Speaking Code: Euphoria

What is a game engine?

The most important aspect of most commercial video games in existence today is the game engine. You can think of the game engine like a car engine: the engine is what makes the car move, the different engines tell you how reliable the car will be, how fast it can accelerate, and its top speed. You could put a Volkswagon engine inside of a Ferrari and it would look good but run terrible. In essence, the visual appeal of the game is partially unrelated to the engine that makes it move.

Euphoria is one of those game engines… actually, it’s not really a game engine in the natural sense. Euphoria’s engine is made for dynamic character motion. In other words, the characters act and think like real people when it comes to being aware of things around it. In a classic game without Euphoria, a character would stand in front of a speeding car and not be aware of the consequences that standing in front of the car might entail. Even when the car hits the character, the character may just fall down limp and plop all over the place. When Euphoria is applied to that character it will know that the consequences of being hit by this really large object could be death; it will then try to get out of the way. If the character happens to actually get hit by that car, the character will do whatever he can to lessen the impact, like jumping to hit the top of the car first, or trying to grab on to some part of the car to keep it from running the character over.

What this means for Games

The same notion applied to game genres like shooters and sports results in much more realistic reactions than we’ve encountered in the past. A bullet hitting a character in the shoulder would traditionally require a separate animation that needs to be loaded to show the reaction to the bullet hitting the shoulder. With Euphoria, the bullet would hit the shoulder and, as a reaction to the bullet hit, the character will retract that shoulder and move his other hand up to the wound area. None of this requires separate animations that plague other shooter games like Modern Warfare 2 (where you may have noticed disappearing characters when they get killed – a result of the loading time for the new animations/models).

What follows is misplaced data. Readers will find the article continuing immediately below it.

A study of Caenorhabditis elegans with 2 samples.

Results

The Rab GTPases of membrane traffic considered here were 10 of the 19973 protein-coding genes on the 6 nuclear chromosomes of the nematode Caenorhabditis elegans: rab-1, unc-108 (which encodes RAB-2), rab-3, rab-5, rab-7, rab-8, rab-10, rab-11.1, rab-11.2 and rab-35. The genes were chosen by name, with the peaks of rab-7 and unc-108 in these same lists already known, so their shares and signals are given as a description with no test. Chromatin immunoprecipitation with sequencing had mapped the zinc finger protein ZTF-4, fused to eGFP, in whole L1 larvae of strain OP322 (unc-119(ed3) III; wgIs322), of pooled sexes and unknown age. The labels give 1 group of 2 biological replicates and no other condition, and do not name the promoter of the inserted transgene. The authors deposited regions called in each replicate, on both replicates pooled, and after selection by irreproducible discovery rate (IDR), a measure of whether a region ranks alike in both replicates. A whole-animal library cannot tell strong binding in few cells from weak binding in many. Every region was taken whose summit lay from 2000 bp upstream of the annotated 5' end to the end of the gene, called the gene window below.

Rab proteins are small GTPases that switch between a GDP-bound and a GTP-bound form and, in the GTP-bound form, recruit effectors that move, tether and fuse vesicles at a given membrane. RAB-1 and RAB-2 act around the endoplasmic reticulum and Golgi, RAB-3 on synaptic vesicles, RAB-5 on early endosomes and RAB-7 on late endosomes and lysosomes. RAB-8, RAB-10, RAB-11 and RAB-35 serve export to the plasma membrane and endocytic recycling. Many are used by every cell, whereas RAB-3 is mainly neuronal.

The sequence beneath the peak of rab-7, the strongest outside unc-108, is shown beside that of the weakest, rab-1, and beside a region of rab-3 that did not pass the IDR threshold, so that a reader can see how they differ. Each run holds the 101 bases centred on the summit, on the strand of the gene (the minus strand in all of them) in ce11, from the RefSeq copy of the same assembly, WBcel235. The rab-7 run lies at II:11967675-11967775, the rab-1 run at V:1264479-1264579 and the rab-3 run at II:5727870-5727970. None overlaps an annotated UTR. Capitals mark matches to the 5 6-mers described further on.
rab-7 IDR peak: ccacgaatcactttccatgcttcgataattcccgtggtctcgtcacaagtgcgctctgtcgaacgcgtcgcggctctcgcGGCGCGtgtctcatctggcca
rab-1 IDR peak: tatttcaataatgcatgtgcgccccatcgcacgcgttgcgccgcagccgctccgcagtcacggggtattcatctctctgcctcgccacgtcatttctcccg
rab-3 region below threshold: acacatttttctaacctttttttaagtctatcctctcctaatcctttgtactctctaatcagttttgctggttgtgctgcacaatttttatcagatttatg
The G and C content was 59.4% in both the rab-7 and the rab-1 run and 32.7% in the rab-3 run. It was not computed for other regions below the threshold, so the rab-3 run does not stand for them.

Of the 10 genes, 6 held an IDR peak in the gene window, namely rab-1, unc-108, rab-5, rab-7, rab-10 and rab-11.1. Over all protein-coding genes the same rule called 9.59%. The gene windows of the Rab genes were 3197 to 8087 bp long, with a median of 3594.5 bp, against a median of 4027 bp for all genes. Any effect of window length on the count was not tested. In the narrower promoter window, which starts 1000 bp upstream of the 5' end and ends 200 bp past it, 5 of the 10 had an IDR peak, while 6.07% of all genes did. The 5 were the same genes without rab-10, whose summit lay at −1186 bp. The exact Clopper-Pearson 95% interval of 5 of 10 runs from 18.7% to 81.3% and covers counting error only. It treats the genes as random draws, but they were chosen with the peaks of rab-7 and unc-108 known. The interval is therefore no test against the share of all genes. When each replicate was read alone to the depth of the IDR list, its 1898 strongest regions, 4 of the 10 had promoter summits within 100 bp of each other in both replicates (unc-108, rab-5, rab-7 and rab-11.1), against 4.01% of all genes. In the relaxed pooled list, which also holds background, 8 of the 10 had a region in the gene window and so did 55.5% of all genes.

Games that use Euphoria

Game Developer Publisher
The Force Unleashed Krome Studios LucasArts
Grand Theft Auto 4 Rockstar North Rockstar Games
Red Dead Redemption Rockstar San Diego Rockstar Games
Backbreaker Natural Motion 505 Games

As time goes by there will undoubtedly be new games added to this list. As of E3 there have already been a handful of games announced that use Euphoria. So if there is a game that you know of that is not on this list, then just let us know in the comments.